Issues in relation to discounted cash flow valuation
American Journal of Social and Management Sciences
The current era of "convergence through connectivity" is slowly but certainly acknowledging the contribution of the so-called "intangibles" like brands, copyrights & patents, human & intellectual capital etc. to the bottomlines of companies. As an obvious corollary, issues relating to the valuation of such assets are surfacing with unprecedented regularity. Valuation of such assets posits an intriguing challenge for the accounting fraternity that is entrenched in the traditional ascendancy of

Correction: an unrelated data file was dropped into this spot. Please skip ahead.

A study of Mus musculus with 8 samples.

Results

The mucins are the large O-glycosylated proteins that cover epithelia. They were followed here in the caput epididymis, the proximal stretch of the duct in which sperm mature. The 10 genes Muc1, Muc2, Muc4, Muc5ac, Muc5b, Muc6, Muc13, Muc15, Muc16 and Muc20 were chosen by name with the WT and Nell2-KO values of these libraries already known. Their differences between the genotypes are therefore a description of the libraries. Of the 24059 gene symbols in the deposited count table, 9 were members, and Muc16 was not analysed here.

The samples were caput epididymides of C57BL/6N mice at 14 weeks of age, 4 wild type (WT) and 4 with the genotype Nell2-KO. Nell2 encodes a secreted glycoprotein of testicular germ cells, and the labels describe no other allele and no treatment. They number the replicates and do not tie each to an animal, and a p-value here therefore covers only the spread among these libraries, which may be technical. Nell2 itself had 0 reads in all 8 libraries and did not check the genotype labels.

... nal ascendancy of "reliability" over "relevance". "Discounted Cash Flow" is ubiquitous in financial valuation. In fact, this technique constitutes the cornerstone of contemporary valuation theory. The robustness of the model as well as its compatibility with the conventional two dimensional risk-return framework of investment appraisal make it immensely suited to a multitude of asset/liability valuations. Accounting standards across the globe recognize the efficacy of this model and advocate its use, wherever practicable. FAS 141 & 142 of the United States & IAS 39 that relate to the accounting of intangible assets also recommend use of DCF methodology for imputing a value to such assets. FAS 157 read with Concept Paper 7 mandate its use for ascertaining "fair value" of assets in certain cases. It is pertinent to note that the usual option pricing methods (including Black Scholes) also make use of discounted cash flows for calculating instantaneous option premia. However, like all models, DCF is not without its flaws. The model presupposes the existence of several unrealistic and rigid assumptions including, in particular, the existence of an acceptable "measure of risk" which is such that it can be integrated with the "discount" rate. In this article, we attempt to address all these issues. We start by highlighting the versatility of the DCF technique, how it can be adapted to value (literally) any asset/investment e.g. securities, projects, corporates and, now, intangibles as well. This enables us to perform a dissection of this model and adduce its anatomy. While on this, we also propose to explore interrelationships of DCF with other extant methods of valuations that include income multipliers, residual income, accrual accounting based methods etc. In today's world of "fly by night" corporate operators, it is paramount to examine the susceptibility of a model to manipulations, and we also examine this facet of the DCF model by conducting a comprehensive sensitivity analysis with respect to the input variables that include estimated/projected cash flows, discount rates, horizon values, the existence of abandonment options etc. As is inevitable, the DCF methodology has its own spectrum of limitations. While concluding this article, we present some of the important shortcomings of this model and make recommendations on its possible upgradations to enhance its efficacy and reliability.